Ideological allies part ways over the power-sharing differences
Geetanjali Minhas | November 11, 2019 | Mumbai
The BJP’s oldest ally Shiv Sena is once again parting ways, putting their alliance behind and preparing to form government in Maharashtra with the support of the NCP and Congress.
Nineteen days after the legislative assembly elections, despite a clear mandate for the BJP and Sena, Maharashtra remained headless amid differences among the saffron allies over the sharing of top post. The BJP has now decided not to stake the claim, leaving the Sena to find support among the NCP and the Congress.
The term of the 13th assembly ended on Saturday. A day earlier, chief minister Devendra Fadnavis tendered his resignation to governor Bhagat Singh Koshiyari, who asked him to continue as caretaker chief minister. The governor asked him on Saturday to express willingness and ability to form government.
On Sunday, after two core committee meetings, BJP Maharashtra chief Chandrakant Patil announced that despite the mandate with the alliance, the BJP will not form government as it does not have the simple majority on its own. The BJP has won 105 seats, but it requires support of 40 more MLAs to form government. Fifteen independent legislators from smaller parties had come forward with their support, but the numbers don’t add up. Patil accused the Shiv Sena of insulting people’s mandate.
The governor then asked the leader of the elected members of the second largest party, Shiv Sena, Eknath Shinde to form government and to reply by 7.30 pm on Monday.
Shiv Sena president Uddhav Thackarey and senior leader Sanjay Raut reiterated that Maharashtra will have a Shiv Sena chief minister at any cost. Both allies have indulged in heated exchange of words.
Amidst hectic parleys, NCP Mumbai president Nawab Malik said that his party had called a meeting of all their MLA to discuss the course of action. Malik said that if Shiv Sena wanted their support it will have to dissociate with BJP and pull out of their alliance with NDA. On Monday morning, Shiv Sena MP Arvind Sawant resigned from the union cabinet, thus paving the way for the NCP support.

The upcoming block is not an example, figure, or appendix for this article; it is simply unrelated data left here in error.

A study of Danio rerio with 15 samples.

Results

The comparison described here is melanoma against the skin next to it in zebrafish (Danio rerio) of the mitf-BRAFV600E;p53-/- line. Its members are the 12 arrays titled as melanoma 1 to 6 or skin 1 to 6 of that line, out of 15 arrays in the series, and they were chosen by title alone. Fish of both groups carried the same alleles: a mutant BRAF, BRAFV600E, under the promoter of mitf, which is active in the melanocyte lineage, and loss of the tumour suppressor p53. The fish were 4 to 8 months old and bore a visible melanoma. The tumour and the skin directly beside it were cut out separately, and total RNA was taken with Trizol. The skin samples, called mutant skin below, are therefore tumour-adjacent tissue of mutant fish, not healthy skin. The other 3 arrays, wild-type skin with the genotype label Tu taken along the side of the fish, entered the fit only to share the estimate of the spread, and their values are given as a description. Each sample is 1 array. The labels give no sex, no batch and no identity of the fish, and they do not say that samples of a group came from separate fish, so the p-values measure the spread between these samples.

Amidst the threat of ‘poaching’, Shiv Sena had last week moved its legislators to a beach resort in Malad, Mumbai.
All 44 newly elected Congress MLAs including senior leaders like Ashok Chavan, Prithviraj Chavan and Balasaheb Thorat are staying at a resort in the Congress-ruled Rajasthan. Ashok Chavan is quoted to have said that the Congress does not want the president’s rule in Maharashtra and the newly elected MLAs will seek advice from the party high command on the party’s political stand in the state.
Earlier, when Shiv Sena had reached out to NCP and Congress, Congress president Sonia Gandhi had ruled out support to a government headed by Sena.
In the polls held on October 21 to the 288-member assembly, the BJP won 105 seats, Shiv Sena 56, NCP 54 and Congress 44.
If NCP decides to ally with Shiv Sena both still need Congress for the required number of 145. Earlier both NCP and Congress had said that they were ready to sit in the opposition.
Speaking to Governance Now, former Maharashtra advocate general Shrihari Aney said that too much heated exchange of words had taken place between BJP and Shiv Sena, and due to increasing acrimony he does not see them coming together. Aney did not rule out the president’s rule in the state and said that mid-term polls were a probability given the current political situation. “Both parties have failed the people who voted for them,” he added.
The bone of contention between the two parties has been the sharing of the chief minister’s post on a rotational basis for two and a half years each. The Shiv Sena has maintained that they had arrived at 50:50 power sharing formula to fight elections together which was agreed by BJP chief Amit Shah before the May Lok Sabha elections. According to the BJP, the understanding was for equal sharing of portfolios and equal participation in the decision-making process.
While both parties have spoken of an understanding, there is no formal agreement on paper. Shiv Sena chief Uddhav Thackeray has been referring to his promise to his father and the Sena founder, Bal Thackeray, to have a Shiv Sena chief minister in Maharashtra.
Though both parties fought separately in the 2014 assembly elections, they decided to come together this time.